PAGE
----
There has been a lot of speculation as to what Brexit actually means, and how this and the recent events in the US might impact on the UK economy. At the moment so much is unknown, and the purpose of this article is to take a look at some of the possibilities facing the UK Government.
What is notable however is that, during the last six months, the people of some of the most secure “western” democracies have chosen to ignore the appeals of their politicians and to show a preference for something new. Is this an indicator of what might happen in European countries which have significant elections coming up next year? Perhaps the public does not trust professional politicians in the way that they have before, and is looking for something different.
The Presidential Election in the US will bring some changes to the trading relationship it has with many countries, including those in the EU, and it seems now unlikely that the Transatlantic Trade and Investment Partnership (TTIP) will ever come into effect. This leaves it open for the US and the UK to enter a bilateral trade agreement which would be simpler and reinforce the position of the UK as the main trading partner of the US in Europe.
The recent issues in Italy, the third largest economy using the Euro, and the upcoming elections in France, the second largest, throw more Eurozone uncertainty into the equation. It is worth noting that, since the Euro was founded in 1999, the Italian economy has grown by just 4%, compared with 21% in Germany and 22% in France. Outside the Eurozone, the UK economy has grown by 34%, and the Polish by over 40% during the same period.
Coming back to the UK there are some things resulting from Brexit about which we can be more confident. We should firstly consider the likely movements in the UK Corporation Tax rate, which is currently at 20%, and scheduled to fall to 17% by April 2019, probably the date at which the UK would officially leave the EU under the expected timetable.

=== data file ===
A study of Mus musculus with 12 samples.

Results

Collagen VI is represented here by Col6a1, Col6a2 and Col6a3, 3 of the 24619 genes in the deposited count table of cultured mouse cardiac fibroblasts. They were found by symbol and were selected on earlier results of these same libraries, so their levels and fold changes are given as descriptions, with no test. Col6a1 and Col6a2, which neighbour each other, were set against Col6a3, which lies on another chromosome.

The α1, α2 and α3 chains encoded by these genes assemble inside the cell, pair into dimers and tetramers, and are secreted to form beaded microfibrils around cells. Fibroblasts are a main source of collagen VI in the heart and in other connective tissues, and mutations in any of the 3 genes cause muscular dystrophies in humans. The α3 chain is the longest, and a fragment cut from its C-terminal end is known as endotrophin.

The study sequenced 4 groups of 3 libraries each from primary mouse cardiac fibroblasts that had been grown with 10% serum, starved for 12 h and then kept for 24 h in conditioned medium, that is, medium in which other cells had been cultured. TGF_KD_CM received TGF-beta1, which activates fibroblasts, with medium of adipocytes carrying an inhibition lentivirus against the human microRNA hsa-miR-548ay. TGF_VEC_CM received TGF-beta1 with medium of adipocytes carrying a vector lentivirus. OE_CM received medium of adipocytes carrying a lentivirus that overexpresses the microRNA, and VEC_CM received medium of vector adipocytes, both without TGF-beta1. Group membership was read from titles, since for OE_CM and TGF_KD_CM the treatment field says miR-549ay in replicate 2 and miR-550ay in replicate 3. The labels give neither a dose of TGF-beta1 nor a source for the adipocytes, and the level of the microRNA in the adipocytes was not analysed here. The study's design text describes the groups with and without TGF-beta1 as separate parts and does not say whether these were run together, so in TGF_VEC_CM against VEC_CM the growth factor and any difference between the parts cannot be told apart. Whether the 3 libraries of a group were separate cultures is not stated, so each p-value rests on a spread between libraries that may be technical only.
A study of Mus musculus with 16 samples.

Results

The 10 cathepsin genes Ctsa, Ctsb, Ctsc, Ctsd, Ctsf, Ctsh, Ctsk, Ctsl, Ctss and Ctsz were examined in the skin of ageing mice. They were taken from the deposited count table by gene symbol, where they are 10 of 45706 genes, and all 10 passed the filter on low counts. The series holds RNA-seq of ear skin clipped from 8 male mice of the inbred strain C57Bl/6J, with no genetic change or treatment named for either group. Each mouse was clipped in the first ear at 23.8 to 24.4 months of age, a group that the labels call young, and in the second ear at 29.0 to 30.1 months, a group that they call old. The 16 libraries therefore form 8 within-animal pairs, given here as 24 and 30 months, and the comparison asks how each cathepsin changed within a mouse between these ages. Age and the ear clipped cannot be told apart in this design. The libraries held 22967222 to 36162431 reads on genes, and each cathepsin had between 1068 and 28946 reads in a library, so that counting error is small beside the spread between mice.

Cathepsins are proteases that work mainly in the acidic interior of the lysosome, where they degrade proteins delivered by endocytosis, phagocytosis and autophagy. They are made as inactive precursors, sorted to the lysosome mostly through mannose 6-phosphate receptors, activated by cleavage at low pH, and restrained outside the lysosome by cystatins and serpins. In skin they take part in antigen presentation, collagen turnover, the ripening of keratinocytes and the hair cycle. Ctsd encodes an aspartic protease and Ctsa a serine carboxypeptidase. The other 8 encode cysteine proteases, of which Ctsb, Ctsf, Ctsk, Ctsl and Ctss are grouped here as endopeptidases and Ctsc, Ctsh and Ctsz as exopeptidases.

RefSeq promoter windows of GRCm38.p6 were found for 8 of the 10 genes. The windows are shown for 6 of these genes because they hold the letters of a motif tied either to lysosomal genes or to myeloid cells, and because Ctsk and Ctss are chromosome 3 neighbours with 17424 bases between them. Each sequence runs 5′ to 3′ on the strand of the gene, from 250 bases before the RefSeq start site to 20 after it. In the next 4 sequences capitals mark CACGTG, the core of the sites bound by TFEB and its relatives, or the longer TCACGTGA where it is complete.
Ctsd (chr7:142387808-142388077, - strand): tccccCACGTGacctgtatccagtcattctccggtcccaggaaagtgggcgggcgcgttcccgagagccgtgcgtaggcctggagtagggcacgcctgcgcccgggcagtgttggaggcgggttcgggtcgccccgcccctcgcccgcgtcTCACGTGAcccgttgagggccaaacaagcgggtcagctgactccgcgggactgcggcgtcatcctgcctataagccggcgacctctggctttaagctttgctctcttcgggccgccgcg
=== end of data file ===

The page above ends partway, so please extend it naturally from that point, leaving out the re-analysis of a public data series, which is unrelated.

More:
It is possible that the planned reduction to 17% might be brought forward, and perhaps even bigger reductions announced to come into effect as soon as the UK leaves the EU, boosting the attractiveness of the UK as a place to do business. This scenario is even more likely if, as widely predicted, the new US President reduces US Corporate Tax rates in an attempt to “bring home” the large number of US businesses situated in relatively low tax countries such as Ireland and Luxembourg amongst others. This is not so unlikely as some may think. In the year 2015/16 the UK raised GBP 664 Billion in taxes, of which only GBP 44 Billion (6.6%) was from company taxes. The Governments’ priority is to keep employment high, as Income and Employment taxes, whilst still being amongst the lowest in Europe, brought in GBP 290 Billion, which is 43.7% of the total of all taxation.
The other important issue for our clients is the administration of VAT. I think we can expect a slow rate of change as the UK tax authorities (HMRC) will need to give a long period of notice to UK businesses of any revised procedures. However, once outside the EU some significant changes will occur immediately and within the present regulations.
Firstly, goods moving between the UK and the EU will no longer be treated as Despatches and Arrivals, and will become Exports and Imports. This means that a zero rate of VAT will apply to all exports from the UK, and the EU Reverse Charge procedure will no longer apply. EC Sales Lists and Intrastat Declarations will also not be required, reducing administration costs to businesses.
Secondly the Distance Selling procedure will also cease, so that UK sales to private persons in the EU countries will then be zero rated for VAT rather than having either the UK or local rate imposed.
Finally, most services to EU businesses will continue to be outside the scope of VAT, encouraging the establishment of holding companies in the UK.
All this will make the UK a more attractive place to locate and operate an international business. We have a long way to go in all these discussions of course, but let us start with the positives.